Angelo State University’s Green Chemistry Engagement Activities


2016EcoFair.jpg Dr. Edith Osborne, Associate Professor, ASU ACS Student Chapter Co-Advisor

To choose green chemistry activities, we have sought information from the ACS and ACS Green Chemistry Institute® Websites. One resource we found helpful that is available on the ACS website is the ACS Green Student Chapter Activity: Chemistry Demonstrations. We also network with other student chapters at the National ACS Meeting and make sure to go the Chem Demo Exchange held there. We have also found other online resources, but we review all new demos carefully. Using new demos takes practice and planning. Depending on where we do the demo, we have to modify the activity for safety and time constraints.

We also bring in green chemistry speakers to educate students on our campus about green chemistry. The ACS GCI website is a helpful resource for green chemistry speaker ideas. One of our former students discussed a chemical treatment method that allowed for the reuse of water used for fracking. As we are in West Texas, water is a major issue. The newspaper always lists the months of our water supply. In our chemistry laboratories, we have made the effort to conserve water as much as possible by reducing the volumes used in experiments. We also have changed several of our laboratories to use greener reagents. This is also a cost saving measure. Nontoxic reagents cost less to ship to us when purchased and also to dispose of after use. Overall, our chapter tries to promote a general mindfulness of the Principles of Green Chemistry.

Mr. Kevin Boudreaux, Senior Instructor, ASU ACS Student Chapter Co-Advisor, Permian Basin Local Section Secretary

Being involved with Green Chemistry activities as a faculty sponsor has made me more aware of the need to make lab procedures and demonstrations greener. I have been able to replace some of the chemistry labs that I teach with labs that generate less waste, and I have worked out procedures for some other labs that allow them to be performed on a smaller scale, thus saving not only on waste, but also on the cost of the reagents and solvents. Our research into what qualifies a student chapter to be designated as a Green Chemistry chapter has made me pay more attention to my own work in the teaching labs, and made me conscious for the need to keep those activities green as well.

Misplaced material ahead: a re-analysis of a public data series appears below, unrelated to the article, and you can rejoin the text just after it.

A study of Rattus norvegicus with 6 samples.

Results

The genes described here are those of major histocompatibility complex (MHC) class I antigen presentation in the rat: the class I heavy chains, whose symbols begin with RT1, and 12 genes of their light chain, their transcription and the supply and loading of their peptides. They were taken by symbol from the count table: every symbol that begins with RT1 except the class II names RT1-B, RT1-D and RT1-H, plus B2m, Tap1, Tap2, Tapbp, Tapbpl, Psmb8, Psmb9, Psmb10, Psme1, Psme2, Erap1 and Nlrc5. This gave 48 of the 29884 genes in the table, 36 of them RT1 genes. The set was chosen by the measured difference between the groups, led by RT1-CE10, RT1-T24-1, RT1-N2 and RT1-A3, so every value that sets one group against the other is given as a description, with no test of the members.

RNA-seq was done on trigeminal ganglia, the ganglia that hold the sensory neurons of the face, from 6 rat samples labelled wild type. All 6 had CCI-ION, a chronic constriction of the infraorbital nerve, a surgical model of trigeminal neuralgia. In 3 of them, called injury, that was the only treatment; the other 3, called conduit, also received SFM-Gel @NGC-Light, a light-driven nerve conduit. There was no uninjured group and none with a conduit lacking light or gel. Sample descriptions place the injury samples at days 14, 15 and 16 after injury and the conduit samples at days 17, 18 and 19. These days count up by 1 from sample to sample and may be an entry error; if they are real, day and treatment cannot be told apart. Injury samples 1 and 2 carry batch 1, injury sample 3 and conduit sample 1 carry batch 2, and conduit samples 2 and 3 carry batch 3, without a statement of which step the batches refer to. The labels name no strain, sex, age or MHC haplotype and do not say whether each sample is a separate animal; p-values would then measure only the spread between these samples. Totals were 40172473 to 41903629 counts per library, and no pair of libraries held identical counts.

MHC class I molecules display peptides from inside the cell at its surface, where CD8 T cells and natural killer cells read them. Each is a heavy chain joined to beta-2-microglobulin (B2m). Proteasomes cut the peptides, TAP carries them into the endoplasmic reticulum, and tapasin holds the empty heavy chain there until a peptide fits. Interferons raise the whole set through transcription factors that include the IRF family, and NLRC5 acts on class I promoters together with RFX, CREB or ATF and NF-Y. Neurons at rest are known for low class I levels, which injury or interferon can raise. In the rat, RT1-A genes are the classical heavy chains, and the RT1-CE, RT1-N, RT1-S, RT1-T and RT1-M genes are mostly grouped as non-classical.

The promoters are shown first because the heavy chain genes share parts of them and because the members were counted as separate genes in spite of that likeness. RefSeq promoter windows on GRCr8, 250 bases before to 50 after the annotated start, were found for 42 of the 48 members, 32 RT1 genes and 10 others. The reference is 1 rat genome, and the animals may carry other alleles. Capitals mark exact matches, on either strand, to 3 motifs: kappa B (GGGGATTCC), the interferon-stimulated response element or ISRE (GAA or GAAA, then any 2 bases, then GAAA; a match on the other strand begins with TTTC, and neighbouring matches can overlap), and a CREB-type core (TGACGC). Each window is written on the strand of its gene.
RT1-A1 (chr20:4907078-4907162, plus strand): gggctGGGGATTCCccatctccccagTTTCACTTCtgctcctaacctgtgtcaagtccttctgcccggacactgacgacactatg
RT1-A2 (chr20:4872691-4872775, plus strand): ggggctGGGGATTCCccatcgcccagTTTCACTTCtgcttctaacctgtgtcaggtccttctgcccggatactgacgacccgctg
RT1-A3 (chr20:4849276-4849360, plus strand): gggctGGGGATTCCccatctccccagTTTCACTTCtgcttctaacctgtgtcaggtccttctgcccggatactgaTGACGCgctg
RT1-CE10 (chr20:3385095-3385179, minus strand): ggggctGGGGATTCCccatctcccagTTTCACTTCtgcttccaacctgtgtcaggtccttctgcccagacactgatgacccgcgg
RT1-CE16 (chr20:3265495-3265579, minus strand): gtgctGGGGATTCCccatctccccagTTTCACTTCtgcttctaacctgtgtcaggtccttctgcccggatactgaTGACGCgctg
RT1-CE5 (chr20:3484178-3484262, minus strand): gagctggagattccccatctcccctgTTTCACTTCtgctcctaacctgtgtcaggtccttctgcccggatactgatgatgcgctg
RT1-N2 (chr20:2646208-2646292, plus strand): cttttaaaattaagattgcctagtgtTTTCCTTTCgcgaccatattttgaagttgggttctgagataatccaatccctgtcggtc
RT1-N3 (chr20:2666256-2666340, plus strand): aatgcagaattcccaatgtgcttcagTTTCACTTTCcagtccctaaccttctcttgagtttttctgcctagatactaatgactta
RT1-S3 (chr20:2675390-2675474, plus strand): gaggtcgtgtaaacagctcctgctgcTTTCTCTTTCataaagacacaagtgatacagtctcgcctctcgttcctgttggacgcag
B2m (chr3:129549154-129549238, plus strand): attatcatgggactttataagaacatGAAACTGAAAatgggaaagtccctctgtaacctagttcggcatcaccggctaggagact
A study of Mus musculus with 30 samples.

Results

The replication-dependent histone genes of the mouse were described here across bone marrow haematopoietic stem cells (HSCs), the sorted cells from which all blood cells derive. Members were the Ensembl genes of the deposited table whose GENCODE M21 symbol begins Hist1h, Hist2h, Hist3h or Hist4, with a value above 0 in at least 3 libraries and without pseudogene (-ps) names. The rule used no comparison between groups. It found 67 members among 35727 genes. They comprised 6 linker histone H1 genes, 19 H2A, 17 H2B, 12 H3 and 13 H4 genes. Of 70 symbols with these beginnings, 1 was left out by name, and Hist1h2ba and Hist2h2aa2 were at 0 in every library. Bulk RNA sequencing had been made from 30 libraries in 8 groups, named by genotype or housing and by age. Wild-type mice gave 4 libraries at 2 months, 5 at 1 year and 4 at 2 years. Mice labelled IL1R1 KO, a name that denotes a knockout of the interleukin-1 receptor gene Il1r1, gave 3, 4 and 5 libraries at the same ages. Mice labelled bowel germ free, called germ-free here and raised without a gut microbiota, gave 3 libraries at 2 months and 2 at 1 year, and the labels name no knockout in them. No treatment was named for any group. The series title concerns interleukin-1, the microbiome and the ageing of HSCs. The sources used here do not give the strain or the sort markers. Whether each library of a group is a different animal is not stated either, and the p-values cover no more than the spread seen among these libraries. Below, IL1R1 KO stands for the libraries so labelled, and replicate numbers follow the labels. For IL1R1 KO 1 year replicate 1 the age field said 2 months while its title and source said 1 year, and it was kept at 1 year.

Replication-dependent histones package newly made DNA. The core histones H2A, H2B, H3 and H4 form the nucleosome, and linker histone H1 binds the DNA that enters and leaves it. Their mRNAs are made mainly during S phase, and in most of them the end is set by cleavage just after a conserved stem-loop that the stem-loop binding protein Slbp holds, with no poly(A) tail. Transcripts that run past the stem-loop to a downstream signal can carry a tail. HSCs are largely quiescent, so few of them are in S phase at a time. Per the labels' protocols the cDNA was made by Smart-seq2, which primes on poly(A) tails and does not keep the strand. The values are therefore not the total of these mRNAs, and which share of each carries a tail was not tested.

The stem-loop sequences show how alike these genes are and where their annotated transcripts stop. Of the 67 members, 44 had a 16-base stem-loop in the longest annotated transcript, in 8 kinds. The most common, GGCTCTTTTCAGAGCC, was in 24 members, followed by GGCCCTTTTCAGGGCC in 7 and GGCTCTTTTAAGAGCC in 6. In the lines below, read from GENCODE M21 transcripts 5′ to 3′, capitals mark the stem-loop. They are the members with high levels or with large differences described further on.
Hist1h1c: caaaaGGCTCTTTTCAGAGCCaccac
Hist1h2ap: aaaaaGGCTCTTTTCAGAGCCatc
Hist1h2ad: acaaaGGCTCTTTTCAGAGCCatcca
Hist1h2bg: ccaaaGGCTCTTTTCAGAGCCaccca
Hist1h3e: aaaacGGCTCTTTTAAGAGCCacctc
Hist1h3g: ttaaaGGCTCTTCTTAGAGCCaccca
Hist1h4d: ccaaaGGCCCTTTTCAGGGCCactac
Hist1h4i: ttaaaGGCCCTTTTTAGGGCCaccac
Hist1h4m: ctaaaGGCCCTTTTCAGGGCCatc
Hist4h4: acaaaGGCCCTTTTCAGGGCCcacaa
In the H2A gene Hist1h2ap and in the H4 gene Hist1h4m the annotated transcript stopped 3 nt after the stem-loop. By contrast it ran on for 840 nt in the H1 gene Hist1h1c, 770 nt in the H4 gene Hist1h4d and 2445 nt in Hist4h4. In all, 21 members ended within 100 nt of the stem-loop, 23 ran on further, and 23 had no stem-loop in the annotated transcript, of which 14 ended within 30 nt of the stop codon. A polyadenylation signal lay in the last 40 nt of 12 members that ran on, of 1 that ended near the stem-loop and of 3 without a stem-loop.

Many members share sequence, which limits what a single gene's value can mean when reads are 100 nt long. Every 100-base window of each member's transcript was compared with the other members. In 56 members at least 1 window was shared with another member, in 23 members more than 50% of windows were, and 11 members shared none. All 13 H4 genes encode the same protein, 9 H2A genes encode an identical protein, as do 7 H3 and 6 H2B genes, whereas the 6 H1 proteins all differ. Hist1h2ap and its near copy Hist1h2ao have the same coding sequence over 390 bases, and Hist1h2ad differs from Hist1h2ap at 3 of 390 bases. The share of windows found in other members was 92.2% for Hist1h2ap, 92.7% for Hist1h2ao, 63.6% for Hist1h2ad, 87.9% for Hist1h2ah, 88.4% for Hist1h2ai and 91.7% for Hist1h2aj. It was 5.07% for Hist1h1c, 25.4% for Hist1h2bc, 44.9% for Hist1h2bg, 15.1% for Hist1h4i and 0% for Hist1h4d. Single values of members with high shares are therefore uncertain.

2015EcoFair.jpg Blake Holle, senior chemistry major, ASU ACS Student Chapter President 2015-2016

Whether it involves water soluble packing peanuts or a simple example of making biofuels, we try and plan our activities around large community events where we can promote chemistry to the masses. In our chapter, the Eco Fair and Family Day at the San Angelo Museum of Fine Arts provide the perfect backdrop for our events. Often our activities focus on elementary students to spark an interest in green applications at a young age.

Though finding and prepping green chemistry experiments have taught me a lot scientifically, the largest impact comes from the children we serve. It’s both rewarding and unexpected seeing their faces light up for concepts like waste removal and biofuels. No matter how advanced the subject, there is always a way to make science fun and relatable to children.

Sara Shirai, senior biology major, ASU ACS Chapter Vice President

When we choose and plan green chemistry activities we make sure they follow the 12 Principles of Green Chemistry. When we demonstrate green chemistry at community outreach events and people have positive reactions to certain demonstrations, we sometimes repeat them at the next outreach activities.

From our green chemistry activities I learned that it is important to reach out to the community to inform people about how green chemistry can impact the environment. When we were at a community outreach event demonstrating how starch packing peanuts can dissolve in water, many children were amazed and their parents also showed their interest. Bringing green chemistry into the public awareness can not only impact the environment, but it could also impact their lives.